The Unsweetened Truth: Pregnancy, Sugar and Oral Health
A glazed doughnut or a wedge of apple pie might be what we choose for a mid-morning munch. Unfortunately, these snacks contain refined sugar that is not only bad for your teeth and gums, but also for your pregnancy. Sugar, sometimes disguised as sucrose, dextrose, or glucose, provides empty calories, adds weight, and can lead to diabetes, heart disease, and arthritis.
We Americans eat entirely too much sugar — almost 7 tablespoons per person per day. Depending on who’s doing the research, that could be anywhere from 64 to 150 pounds per year. These “empty” spoonfuls contribute no nutrition or fiber and crowd out nutritious fare from your diet. In the presence of certain bacteria in the mouth, sugar leads to the production of toxic bacterial byproducts that are very acidic. These toxins, if allowed to sit on the enamel of your teeth, cause caries (cavities). If not removed properly from along the gum line and in between the teeth, they irritate the gums and will ultimately erode the supporting bone that anchors the teeth in the mouth. A mother-to-be is more susceptible to dental problems due to the excessive hormones circulating in her system. According to the Surgeon General’s report in 2000, “toxins or other products generated by periodontal (around the teeth) bacteria in the mother may reach the general circulation, cross the placenta, and harm the fetus.” Pregnant women with severe gum infections are seven times more prone to having a baby that is premature. Prevention and early diagnosis of dental decay and gingivitis (swollen, tender gums) are important for your health as well as your baby’s. So, what can you do about assuring good nutrition and oral health during pregnancy? Here are three tips from my book, Pregnancy and Oral Health that will make a difference right away:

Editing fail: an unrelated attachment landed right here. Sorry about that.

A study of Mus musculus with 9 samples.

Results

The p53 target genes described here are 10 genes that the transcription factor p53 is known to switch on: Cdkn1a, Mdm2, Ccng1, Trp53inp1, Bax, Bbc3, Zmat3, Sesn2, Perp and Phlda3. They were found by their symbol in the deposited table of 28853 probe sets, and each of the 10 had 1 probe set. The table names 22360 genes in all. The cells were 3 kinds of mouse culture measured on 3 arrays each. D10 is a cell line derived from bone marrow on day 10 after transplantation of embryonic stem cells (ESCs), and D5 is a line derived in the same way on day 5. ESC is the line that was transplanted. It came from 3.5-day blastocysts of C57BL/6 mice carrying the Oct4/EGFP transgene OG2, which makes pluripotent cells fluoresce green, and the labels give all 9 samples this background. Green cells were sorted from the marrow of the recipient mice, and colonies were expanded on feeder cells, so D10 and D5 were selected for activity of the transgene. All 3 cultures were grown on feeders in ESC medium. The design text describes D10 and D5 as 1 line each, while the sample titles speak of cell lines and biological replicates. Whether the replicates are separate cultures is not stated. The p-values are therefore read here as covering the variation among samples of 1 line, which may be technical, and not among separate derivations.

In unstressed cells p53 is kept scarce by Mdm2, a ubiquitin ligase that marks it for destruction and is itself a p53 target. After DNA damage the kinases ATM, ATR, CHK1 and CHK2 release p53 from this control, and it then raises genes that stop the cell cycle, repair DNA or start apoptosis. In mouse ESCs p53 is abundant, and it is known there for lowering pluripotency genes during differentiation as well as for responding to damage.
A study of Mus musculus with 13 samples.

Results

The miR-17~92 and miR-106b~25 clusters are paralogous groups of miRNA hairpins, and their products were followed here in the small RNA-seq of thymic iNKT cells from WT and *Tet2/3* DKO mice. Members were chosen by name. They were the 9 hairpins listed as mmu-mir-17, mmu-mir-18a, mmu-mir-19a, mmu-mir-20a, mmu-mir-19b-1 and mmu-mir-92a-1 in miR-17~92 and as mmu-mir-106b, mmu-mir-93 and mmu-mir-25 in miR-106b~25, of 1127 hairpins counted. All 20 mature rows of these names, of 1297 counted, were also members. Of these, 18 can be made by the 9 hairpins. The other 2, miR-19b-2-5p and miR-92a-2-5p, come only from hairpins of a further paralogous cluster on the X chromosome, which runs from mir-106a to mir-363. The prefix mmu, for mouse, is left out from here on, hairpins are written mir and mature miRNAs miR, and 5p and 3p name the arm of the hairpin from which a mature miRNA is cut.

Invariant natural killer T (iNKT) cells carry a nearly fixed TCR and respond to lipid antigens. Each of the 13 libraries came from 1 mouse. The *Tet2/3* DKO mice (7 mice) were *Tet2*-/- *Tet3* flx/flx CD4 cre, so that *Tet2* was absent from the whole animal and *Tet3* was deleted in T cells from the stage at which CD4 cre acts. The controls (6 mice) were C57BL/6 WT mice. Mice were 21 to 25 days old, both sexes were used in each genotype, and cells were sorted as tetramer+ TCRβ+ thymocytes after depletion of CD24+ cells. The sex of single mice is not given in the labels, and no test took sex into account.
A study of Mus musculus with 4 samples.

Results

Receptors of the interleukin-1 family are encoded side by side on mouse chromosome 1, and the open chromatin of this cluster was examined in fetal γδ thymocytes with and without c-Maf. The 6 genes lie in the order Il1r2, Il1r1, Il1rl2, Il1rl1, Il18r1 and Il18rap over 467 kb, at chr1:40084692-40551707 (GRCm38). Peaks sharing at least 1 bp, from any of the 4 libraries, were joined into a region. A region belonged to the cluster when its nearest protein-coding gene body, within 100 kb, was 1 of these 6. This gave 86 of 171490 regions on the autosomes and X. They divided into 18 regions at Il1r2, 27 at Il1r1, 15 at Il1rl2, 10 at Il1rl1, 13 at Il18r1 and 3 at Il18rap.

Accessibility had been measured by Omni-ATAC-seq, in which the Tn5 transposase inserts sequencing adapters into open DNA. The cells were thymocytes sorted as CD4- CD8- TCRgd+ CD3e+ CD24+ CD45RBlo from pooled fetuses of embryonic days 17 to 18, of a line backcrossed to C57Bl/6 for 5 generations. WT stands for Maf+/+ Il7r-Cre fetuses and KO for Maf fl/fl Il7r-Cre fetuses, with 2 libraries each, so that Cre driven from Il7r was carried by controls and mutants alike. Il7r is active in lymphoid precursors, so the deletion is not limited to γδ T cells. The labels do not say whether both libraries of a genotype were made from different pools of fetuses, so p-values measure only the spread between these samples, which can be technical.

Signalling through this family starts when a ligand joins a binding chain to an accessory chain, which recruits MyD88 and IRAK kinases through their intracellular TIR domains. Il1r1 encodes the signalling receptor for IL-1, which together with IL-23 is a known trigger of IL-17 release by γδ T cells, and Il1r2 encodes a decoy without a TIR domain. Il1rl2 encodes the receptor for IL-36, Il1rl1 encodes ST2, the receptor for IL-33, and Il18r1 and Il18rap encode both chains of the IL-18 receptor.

Healthy Snack Alternatives
Here is a list of healthy snack ideas to replace those quick, convenient, sugary ones that contribute to dental decay:
- Yogurt with fresh fruit
- Unprocessed cheese
- Brown Rice, whole grain bagels, whole wheat toast, or bran muffins with cream cheese, peanut butter, or fruit spread
- Homemade frozen popsicles, using one 6oz. can frozen concentrated juice mixed with a small container (6-8 oz) of plain yogurt. I used to give these to my son when he was teething. They were yummy for both of us!
- Baked apples or other baked or stewed fruit
- Fresh fruit (Choose from a range of colors to ensure variety of nutrients and vitamins)
- Fruit smoothies, homemade, using yogurt and banana as your base. Add other fruit and flavorings with ice to make a delicious drink
- Unsweetened whole grain cereals with yogurt and fresh fruit.
- Nuts and seeds.
- Celery with peanut butter (my personal favorite).
- Raw carrot sticks, cucumber slices, green pepper wedges — or any fresh vegetables, for that matter. Serve with a dip made from ground garbanzo beans (hummus), yogurt, sour cream, or cottage cheese with herbs.
When you indulge:
When you do indulge in a sugary treat, it is better to do it all in one sitting rather than to sip on a soda or take tiny bites of sweet things all day long. (One soda has on the average of 12 teaspoons of sugar). Eating tiny bursts of sweets throughout your day is more injurious to your oral health since every time you introduce sugar into your mouth, the bacteria are nourished for about 20 minutes.
Brushing or swishing:
Brush as quickly as possible after eating or drinking anything with a high content of sugar. If that is not possible, I recommend taking a swig of water, swishing it around your mouth and swallowing. By keeping these residues at a very low level, you reduce the nutrients that many plaque-forming bacteria depend on for their growth and survival.
About the Author
Sheila Wolf, affectionately known to her patients and colleagues as Mama Gums, has been a dental hygienist for 32 years, educating and motivating people on both coasts to take control of their oral health. You can read more about the critical link between a healthy mouth and a healthy baby at her website, www.mamagums.com and in her book, Pregnancy and Oral Health: The Critical Connection Between Your Mouth and Your Baby, available through bookstores in June 2004 and on www.Amazon.com. Sheila invites questions and can be reached at 866 MAMA-GUMs or through her website.